The Education Debate: Great Authors that Never Went to College
Young, novice writers often wonder whether pursuing a college degree is necessary in order to become a best-selling author or professional writer. Not surprisingly, there have been many heated debates about this topic in the writing community, especially when it comes to creative writing degrees, and I often interject my own opinions into these discussions whenever they come up. Sure, pursuing a writing degree may seem like a logical path to becoming a cultured, accomplished writer, but is it the only path? Well, you'll have to answer that for yourself. While you ponder that thought, however, here is a list of wildly successful writers who never attended college.
Ray Bradbury is one of the most well-known science fiction authors in the world, but he never went to college. It's not that Bradbury didn't want to, though; his parents didn't have enough money to pay for the tuition. Instead, Bradbury took to selling newspapers in Los Angeles during the day and teaching himself about literature and writing at night. “I never went to college," he once famously said. "I went to the library.” His most famous work is without a doubt "Fahrenheit 451."
He is without a doubt the most well-known writer of all time, composing over thirty-eight plays and one-hundred-and-fifty-four sonnets, but Shakespeare's formal education ended early in his childhood. He attended the King Edward IV Grammar School, but left the school when he was fourteen in 1578. Shakespeare's education ended at that point. It didn't seem to affect his writing career, however. Shakespeare went on to write spectacular works like "Romeo and Juliet," "The Tempest," "King Lear," "Much Ado About Nothing," and numerous others without a college degree.
Mark Twain wrote nearly seventy published works in his lifetime and is known as a great travel essayist, journalist, and fiction writer. His professional education ended before he even reached fifth grade, however – although it wasn't by choice. Twain's father's unexpected death sparked the famous writer's decision to drop out and take care of matters at home. He was invited to join a writer's group at Yale later in life, which he gladly accepted. If you haven't already, read his greatest work: "Adventures of Huckleberry Finn."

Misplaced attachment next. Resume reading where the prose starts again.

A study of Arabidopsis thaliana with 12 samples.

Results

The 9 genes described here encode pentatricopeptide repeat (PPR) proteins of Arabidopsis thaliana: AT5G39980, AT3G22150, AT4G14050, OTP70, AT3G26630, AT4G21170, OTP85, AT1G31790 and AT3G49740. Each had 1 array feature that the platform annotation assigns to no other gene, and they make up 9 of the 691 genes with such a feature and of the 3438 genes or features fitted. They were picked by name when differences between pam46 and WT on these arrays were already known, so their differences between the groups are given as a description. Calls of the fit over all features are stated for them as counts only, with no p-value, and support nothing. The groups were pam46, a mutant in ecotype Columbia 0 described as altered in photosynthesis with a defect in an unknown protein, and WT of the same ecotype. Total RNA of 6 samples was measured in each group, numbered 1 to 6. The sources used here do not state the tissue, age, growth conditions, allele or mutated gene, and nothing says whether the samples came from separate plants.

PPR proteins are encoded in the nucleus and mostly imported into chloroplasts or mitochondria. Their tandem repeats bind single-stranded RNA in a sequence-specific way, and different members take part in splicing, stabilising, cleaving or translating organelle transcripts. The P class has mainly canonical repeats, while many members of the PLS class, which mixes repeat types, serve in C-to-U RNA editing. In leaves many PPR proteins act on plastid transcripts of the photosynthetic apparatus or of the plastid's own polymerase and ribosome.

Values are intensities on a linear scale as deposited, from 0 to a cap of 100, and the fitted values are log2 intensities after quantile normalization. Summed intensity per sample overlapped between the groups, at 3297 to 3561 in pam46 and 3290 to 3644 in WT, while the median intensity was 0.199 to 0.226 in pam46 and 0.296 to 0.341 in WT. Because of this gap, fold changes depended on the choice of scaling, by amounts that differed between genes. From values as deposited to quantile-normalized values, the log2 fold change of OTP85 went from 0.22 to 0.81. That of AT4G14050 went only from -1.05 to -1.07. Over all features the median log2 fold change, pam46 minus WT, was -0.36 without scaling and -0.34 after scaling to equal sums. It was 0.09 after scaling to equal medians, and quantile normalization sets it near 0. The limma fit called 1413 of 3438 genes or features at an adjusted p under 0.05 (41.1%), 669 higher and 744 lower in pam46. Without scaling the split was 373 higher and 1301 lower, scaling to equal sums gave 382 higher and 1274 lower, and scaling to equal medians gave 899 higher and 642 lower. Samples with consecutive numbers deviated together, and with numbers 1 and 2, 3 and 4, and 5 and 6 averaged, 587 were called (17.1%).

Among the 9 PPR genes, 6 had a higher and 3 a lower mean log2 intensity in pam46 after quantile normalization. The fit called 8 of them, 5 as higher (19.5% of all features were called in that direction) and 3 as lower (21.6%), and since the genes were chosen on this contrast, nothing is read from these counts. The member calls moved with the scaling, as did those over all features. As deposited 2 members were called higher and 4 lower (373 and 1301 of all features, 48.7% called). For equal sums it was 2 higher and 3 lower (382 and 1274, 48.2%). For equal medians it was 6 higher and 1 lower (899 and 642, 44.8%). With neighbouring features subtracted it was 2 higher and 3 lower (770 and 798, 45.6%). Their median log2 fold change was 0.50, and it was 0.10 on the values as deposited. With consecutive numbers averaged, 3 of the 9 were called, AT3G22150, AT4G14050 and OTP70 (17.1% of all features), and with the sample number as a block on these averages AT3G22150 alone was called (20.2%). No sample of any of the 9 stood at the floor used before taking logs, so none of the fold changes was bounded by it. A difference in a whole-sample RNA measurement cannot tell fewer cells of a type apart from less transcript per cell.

Jane Austen is beloved by generations of readers, both male and female, and it didn't take a college education for her to attain all her literary success. Although, Jane attended school in Oxford, she ended up leaving at the age of 11 to be homeschooled by her father. Austen went on to write six novels and twenty-nine fictional works. You probably know her from titles like "Pride & Prejudice," "Emma," and "Sense and Sensibility."
Despite the fact that she has over thirty honorary degrees from colleges and universities around the world, Maya Angelou never attained a college degree. She received a scholarship to San Francisco's Labor School for drama and dance, but eventually dropped out to become a cable car conductor. Her over 60 works, including poems, autobiographies, essays, children's books, plays, and screenplays, have found a worldwide audience.
Before he wrote the famous "Girl With a Dragon Tattoo" series, Larrson was a hard-working journalist and magazine editor at Expo. Though he didn't live to see the phenomenal success of his trilogy, Larrson was already an accomplished journalist in Sweden. His books have been adapted into films in both Sweden and the U.S. Larrson died from a heart attack in 2004.
F. Scott Fitzgerald
F. Scott Fitzgerald is well known for works like "The Great Gatsby" and "The Beautiful and the Damned," but not many people know that Fitzgerald never received a degree. He attended Princeton University in 1913, but never finished. Although he was immensely involved in the university's writing community, he neglected the rest of his university coursework. Fitzgerald was placed on academic probation by the university and dropped out in 1917 to join the U.S. Army during WWI.
Is writing a gift, or is it something that must be studied? Each writer is different in their styles and techniques, so, if you ask me, there is no universal answer to that question.
Nancy Wood is a freelance education writer. Nancy loves writing about education trends and often muses about what the classroom of tomorrow will look like. She also gives tips to aspiring college students. Feel free to send some comments her way!